This morning I would like to welcome Michelle Covington to be my first guest blogger! She has some terrific ideas that I want her to share with you as you think about preparing your family for the holidays. It may seem a bit early…but it is coming soon, and I think your family will benefit from them!! Welcome, Michelle!!
That Fall Frame of Mind
Written by guest blogger Michelle Covington
It’s that time of year. The kids are in school, the weather is getting cooler, and if you’re somewhere other than Texas, the leaves are probably changing color. For most of us, the months of October through January pass by in a blur of constant activity. We have so much to do and prepare for with the increase of school activities and slew of holiday preparations on top of already busy schedules.
Christmas, that blessed and stressed season, is already creeping up on us. Walmart’s holiday section has made sure we’ve been aware of it for at least the past month. So, how do you plan to avoid stress during this fall season?
Not sure? Here are a few tips:
1) Purchase Christmas presents early and online. This will take enormous stress off of the season and prevent those frantic last minute gift-scapades. Simple Truths materials happen to make GREAT Christmas presents for parents of young kids. Now, buy 10 or more Simple Truths discussion guides for $10.99 each, or 5 or more Simple Truths complete packages for $49.99 each.
2) Let the kids help with those fall and Christmas decorations. Who doesn’t love a hand-print turkey mural or a popcorn garland? Plus, it will keep them busy and give them a sense of pride and inclusion in the season. You may even find some teachable moments.
3) Take occasional self-assessment breaks. No matter how many things you have to do, take a moment for yourself, drink a pumpkin spice latte and make sure you’re not over-stressing.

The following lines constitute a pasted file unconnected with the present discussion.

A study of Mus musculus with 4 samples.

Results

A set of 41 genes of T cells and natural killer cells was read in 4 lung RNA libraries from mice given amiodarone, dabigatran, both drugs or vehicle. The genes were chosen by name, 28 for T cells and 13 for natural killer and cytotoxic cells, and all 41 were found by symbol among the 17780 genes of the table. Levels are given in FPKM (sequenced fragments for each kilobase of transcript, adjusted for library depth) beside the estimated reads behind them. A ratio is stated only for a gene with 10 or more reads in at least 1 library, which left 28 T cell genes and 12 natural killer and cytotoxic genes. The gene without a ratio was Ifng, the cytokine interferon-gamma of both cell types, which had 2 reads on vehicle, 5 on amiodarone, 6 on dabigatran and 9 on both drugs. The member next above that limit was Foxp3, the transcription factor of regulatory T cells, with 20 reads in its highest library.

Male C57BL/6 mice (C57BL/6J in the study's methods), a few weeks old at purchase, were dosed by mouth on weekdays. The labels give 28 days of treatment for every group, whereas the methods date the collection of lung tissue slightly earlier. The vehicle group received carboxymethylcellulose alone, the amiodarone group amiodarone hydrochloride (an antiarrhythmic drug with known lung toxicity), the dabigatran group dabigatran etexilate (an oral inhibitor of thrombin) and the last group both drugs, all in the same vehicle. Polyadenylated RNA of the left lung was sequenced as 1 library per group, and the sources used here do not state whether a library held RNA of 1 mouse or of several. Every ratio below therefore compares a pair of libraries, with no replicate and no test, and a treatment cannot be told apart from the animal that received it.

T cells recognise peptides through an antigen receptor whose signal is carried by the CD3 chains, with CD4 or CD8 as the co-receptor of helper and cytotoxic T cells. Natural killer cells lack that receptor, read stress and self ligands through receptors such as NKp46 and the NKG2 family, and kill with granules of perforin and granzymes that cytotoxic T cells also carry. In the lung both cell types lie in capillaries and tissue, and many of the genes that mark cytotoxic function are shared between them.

4) Exercise. It may seem counter-intuitive, but exercise is a great stress-reliever. It’s also the first thing we tend to scrap when we get busy, but you’ll be much happier and healthier taking as little as 10 to 15 minutes to get those endorphins pumping.
5) Don’t be afraid to delegate. No matter how much you may want to do everything yourself, handing over the reins on certain things can be a mental-health necessity. No one expects you to be superwoman and most of the time friends and family are more than happy to help out.
6) Prioritize. Focus on what is important. When you find yourself getting too busy, take a minute to decide if it’s really necessary to hand-stitch Christmas outfits for your children. Chances are, there’s something on your to do list that can wait until later, or be scrapped altogether.
7) Don’t be a perfectionist. This can be a tough one for some of us. But remember, enjoying your friends and family during this time is much more important than having every piece of tinsel perfectly placed. People will appreciate the quality time you spend with them much more than they will appreciate your immaculate, perfectly decorated house. Remember, it’s not a contest.
8) Keep gifts for your kids simple. Think about what you gave your kids for Christmas last year. Can you remember what all of those gifts were? Can they remember? Do they still use them? Consider only giving your child one gift from each person in the family or selecting a theme such as 4 gifts – something you want, something you need, something to wear, something to read.
9) Know when to say no. Don’t feel like you have to attend every event, party, and activity you and your kids are invited to. Everyone understands that the holidays are busy, and the most important thing is enjoying your time with family and friends. Frantically running from one thing to the next can interfere with your enjoyment factor.
10) Plan ahead. Lots of stress can be avoided by planning out a holiday schedule. Designate gift shopping days, decorating days, baking days… If something is important, put it on the schedule. If it’s not important enough to schedule in advance, it’s probably not important enough to worry about.